Drug overdose deaths continue to impact communities all across the United States. According to the CDC, nearly 70% of the 67,367 drug overdose deaths in 2018 involved use of an opioid.

Opioids are a class of drugs that are used to treat pain. Prescription opioids are prescribed by doctors to treat moderate to severe pain. The most common prescription opioids include oxycodone, hydrocodone, morphine and methadone. Users may be familiar with the names Percocet® or OxyContin® and Vicodin® or Norco®, which are brand names for oxycodone and hydrocodone, respectively. Fentanyl is one of the more powerful opioids and is used in severe cases, such as advanced cancer pain, but is also used for chronic non-cancer pain. Heroin is an illegal opioid, and its use has increased in the U.S. across all socioeconomic levels.

The National Institute on Drug Abuse (NIDA) reports that 21 to 29% of chronic pain patients misuse prescription opioids, displaying a strong association between chronic pain and opioid misuse.

However, chronic pain may not be directly causal to opioid addiction. Catherine Cahill, an opioid neuropharmacologist at the Hatos Center of Neuropharmacology at UCLA, leads a pain and addiction lab that aims to understand how chronic pain changes reward and motivation in an effort to reduce addiction to prescription opioid medications.

Chronic pain, unlike acute pain, is defined as pain that lasts for three months or more. Yet, most chronic pain patients suffer for years. The pain persists even after the cause of injury or illness has gone away. The stress that accompanies this consistent pain can contribute to emotional side effects such as depression, anger and anxiety.

Chronic pain patients are subject to two types of pain: physical and emotional. According to Cahill, it is this dual component of pain that makes chronic pain patients more susceptible to opioid misuse than others. 

Opioids are effective at being able to treat mood disorders, and many pain patients may have negative mood states,” Cahill said. “Instead of taking them for treating their [physical] pain, it becomes important for treating their mood disorder. And that’s where a lot of the opioid addiction has come from.” 

In essence, focus on the emotional component of pain may lead to better treatments and quality of life for these impacted individuals.

To tackle the emotional component of the pain experience, Cahill shared that she is currently researching kappa opioid receptors (KOR). Opioid receptors are proteins in the brain that act as communication links between the external environment and brain cells in response to opioids.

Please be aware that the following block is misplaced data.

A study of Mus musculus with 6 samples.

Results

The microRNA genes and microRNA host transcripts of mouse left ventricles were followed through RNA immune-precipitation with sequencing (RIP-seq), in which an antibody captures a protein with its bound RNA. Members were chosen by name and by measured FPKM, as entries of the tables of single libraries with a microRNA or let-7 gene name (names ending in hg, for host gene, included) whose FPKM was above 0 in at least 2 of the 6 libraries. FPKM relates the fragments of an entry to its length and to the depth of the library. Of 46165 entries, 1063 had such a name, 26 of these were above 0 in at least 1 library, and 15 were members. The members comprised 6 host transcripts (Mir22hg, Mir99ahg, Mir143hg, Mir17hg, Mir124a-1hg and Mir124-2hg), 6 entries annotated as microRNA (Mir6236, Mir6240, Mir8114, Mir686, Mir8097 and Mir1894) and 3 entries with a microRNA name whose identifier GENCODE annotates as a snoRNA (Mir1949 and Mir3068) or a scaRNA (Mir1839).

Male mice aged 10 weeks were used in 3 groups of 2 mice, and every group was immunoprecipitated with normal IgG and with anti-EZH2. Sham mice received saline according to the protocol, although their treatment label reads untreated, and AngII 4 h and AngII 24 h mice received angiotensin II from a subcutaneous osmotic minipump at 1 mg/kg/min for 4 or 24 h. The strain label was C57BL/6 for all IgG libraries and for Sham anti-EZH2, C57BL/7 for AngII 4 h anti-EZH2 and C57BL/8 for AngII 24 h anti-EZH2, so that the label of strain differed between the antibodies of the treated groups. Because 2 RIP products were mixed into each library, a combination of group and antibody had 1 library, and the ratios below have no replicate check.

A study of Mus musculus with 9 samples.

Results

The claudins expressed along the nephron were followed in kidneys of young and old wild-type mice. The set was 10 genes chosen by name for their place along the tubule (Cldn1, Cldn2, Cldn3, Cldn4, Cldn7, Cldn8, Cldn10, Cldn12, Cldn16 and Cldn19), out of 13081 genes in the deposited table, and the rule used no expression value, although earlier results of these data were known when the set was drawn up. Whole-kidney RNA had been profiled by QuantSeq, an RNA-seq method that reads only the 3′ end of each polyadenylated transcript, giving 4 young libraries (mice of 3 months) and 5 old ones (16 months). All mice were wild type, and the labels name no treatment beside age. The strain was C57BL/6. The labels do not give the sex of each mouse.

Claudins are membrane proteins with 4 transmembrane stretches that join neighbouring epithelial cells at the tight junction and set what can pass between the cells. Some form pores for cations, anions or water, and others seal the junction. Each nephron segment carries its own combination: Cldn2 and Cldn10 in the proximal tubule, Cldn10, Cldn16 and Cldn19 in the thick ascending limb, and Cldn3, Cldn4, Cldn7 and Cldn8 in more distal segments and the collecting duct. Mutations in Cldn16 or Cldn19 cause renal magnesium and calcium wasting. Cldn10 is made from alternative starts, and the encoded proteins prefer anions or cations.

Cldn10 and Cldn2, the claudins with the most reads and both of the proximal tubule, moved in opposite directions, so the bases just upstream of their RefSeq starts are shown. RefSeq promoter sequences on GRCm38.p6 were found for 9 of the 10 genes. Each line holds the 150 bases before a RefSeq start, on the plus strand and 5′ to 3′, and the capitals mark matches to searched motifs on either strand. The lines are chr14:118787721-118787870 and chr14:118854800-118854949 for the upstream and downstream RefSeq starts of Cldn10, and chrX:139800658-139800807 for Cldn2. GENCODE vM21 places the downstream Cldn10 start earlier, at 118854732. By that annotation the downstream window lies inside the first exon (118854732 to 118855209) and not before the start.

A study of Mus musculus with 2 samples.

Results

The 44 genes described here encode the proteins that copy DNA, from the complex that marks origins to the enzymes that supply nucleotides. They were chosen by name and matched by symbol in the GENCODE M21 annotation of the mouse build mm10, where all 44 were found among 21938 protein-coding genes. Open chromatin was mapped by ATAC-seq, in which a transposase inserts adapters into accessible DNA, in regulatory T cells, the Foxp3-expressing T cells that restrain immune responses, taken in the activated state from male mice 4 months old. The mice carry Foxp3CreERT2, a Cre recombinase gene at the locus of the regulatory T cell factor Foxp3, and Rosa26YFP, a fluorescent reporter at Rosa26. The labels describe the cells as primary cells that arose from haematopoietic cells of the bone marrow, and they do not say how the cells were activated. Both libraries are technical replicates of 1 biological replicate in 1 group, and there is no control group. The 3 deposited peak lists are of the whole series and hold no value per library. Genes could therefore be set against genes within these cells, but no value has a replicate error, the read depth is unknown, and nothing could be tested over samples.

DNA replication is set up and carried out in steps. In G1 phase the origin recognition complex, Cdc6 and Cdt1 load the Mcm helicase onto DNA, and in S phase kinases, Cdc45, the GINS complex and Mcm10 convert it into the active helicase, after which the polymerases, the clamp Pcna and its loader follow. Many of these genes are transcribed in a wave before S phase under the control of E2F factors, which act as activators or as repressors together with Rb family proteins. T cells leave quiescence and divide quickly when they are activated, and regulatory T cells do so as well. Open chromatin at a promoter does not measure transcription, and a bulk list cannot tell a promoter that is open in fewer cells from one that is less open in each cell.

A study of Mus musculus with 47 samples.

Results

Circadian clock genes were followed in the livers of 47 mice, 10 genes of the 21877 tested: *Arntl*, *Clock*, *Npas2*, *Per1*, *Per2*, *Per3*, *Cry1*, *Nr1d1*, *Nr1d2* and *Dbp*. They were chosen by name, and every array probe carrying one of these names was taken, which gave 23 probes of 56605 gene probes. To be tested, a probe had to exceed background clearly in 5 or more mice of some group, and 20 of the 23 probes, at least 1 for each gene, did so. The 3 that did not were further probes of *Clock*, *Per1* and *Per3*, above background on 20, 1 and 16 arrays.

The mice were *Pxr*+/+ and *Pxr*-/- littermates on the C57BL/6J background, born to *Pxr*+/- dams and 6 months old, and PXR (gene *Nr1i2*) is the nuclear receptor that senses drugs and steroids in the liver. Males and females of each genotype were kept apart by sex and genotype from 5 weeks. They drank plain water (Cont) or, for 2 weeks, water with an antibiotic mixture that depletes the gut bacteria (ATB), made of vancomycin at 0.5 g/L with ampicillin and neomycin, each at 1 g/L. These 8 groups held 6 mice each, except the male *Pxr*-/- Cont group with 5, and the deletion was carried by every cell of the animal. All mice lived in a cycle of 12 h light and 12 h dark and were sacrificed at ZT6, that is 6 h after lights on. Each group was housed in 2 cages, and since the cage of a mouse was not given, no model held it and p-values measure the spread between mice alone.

Within the family of opioid receptors, KOR is associated with dysphoric and negative emotional states, including precipitating anxiety and depressive-like symptoms as well as fear. The KOR are expressed in many areas of the brain important for stress and emotion, including their expression on the terminals of dopaminergic neurons and serotonin neurons, brain cells that are responsible for the control of mood, reward, addiction and stress. As inhibitory receptors, KOR dampens dopaminergic signals. Because of the strong overlap between pain processing and emotional/motivational systems in the KOR neurocircuitry, the KOR system has become a popular area of research interest.

According to a recent article published in The Journal of Neuroscience, Cahill’s lab discovered that there is a significant increase in the expression of KORs in chronic pain states, specifically in areas important for emotion and reward. Her team identified that this increase in KOR function causes disruption of normal reward processing, that involved changes in dopamine signaling in the brain. Inhibiting KORs not only alleviated anxiety and depressive-like effects in the chronic pain animals, but also reduced the aversive component of pain. The significance of this research is highlighted by the finding that the emotional or bothersome component of the pain experience is a better predictor of quality of life.

As of today, opioids remain as one of the most effective pharmacotherapeutic agents in treating pain. However, the drugs’ ability to blunt both sensory and emotional components of pain has led to marked levels of dependence and addiction throughout the United States. The implications of the discoveries in neurocircuitry including that of the KOR system are crucial for the development of novel treatments that can address the emotional component of the chronic pain experience, which is significantly responsible for drug-dependence in this affected population.